State and local real estate transfer taxes can be a signifi cant and sometimes overlooked cost in certain acquisition transactions. In many states, including Illinois, the transfer of a controlling interest in an entity that owns real estate can trigger a real estate transfer tax, even though the real estate itself is not transferred. Currently, 16 states impose some sort of a real estate transfer tax upon the transfer of a controlling interest in an entity that owns real estate located in that state.

The transfer of a controlling interest for real estate transfer tax purposes typically means a transfer of “control,” which can be as little as 50 percent and as high as 90 percent, depending on the real estate transfer tax laws of the relevant state. Many states aggregate certain transfers of interests occurring within a particular time frame in determining whether there is a transfer of “control.” Illinois, for example, aggregates certain transfers that occur over a two-year period. Additionally, many states require that the entity be a “real estate entity” in order to impose a real estate transfer tax upon a transfer of control. A “real estate entity” generally means an entity engaged in a real estate business where a certain minimum percentage of its income and assets are derived from or consist of real estate.

Certain real estate transfers (including certain transfers of a controlling interest in a real estate owning entity) are exempt from real estate transfer taxes. Although the laws vary from state to state, exempt transfers typically include: (i) an exchange of interests in an entity in order to effectuate a mere change of identity or form of ownership or organization where there is no actual change in benefi cial ownership, (ii) transfers involving a parent and subsidiary, (iii) mergers between corporations and (iv) transfers of interests in publicly traded companies. The types of exemptions and the legal conditions for claiming exemptions differ greatly from state to state and require an analysis of the relevant state’s real estate transfer tax laws in order to properly ascertain whether a real estate transfer tax may be due.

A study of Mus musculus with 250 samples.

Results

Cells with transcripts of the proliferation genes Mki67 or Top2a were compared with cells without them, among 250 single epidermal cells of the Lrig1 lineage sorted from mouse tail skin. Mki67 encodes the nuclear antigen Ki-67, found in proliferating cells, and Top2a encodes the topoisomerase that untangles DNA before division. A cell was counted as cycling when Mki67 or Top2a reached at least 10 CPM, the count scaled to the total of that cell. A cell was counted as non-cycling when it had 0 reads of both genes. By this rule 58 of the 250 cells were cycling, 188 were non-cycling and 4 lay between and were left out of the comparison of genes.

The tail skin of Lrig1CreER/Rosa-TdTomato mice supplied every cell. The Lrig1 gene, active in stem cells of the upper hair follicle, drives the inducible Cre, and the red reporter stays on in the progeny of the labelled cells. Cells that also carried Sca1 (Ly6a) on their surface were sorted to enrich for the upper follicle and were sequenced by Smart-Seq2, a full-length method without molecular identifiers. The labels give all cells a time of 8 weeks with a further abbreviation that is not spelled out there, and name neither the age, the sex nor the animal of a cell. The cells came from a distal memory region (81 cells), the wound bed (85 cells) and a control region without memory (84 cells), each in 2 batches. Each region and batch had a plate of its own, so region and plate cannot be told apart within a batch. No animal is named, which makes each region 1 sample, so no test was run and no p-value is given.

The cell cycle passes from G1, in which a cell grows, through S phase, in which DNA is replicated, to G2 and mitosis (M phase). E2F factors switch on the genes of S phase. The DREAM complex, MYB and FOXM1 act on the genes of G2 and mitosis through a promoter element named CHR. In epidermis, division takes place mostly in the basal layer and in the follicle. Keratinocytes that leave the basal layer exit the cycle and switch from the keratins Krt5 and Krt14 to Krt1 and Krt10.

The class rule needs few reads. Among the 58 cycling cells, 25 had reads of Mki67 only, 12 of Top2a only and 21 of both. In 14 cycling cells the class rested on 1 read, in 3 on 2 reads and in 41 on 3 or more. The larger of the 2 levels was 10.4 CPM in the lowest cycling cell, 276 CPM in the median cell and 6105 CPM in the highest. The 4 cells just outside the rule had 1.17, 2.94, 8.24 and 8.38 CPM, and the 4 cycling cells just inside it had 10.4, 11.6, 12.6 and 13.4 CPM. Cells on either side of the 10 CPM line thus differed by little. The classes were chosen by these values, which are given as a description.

As more and more states look to increase revenues, the trend will be for more states to expand the application of real estate transfer taxes to transfers of controlling interests in real estate owning entities. Accordingly, more and more acquisition transactions involving the transfer of a controlling interest in an entity are likely to trigger real estate transfer taxes. Clients engaged in an acquisition transaction should be made aware of the potential costs resulting from an imposition of real estate transfer taxes and should take these costs into consideration when evaluating the overall cost of the acquisition and in allocating these costs among the parties to the acquisition.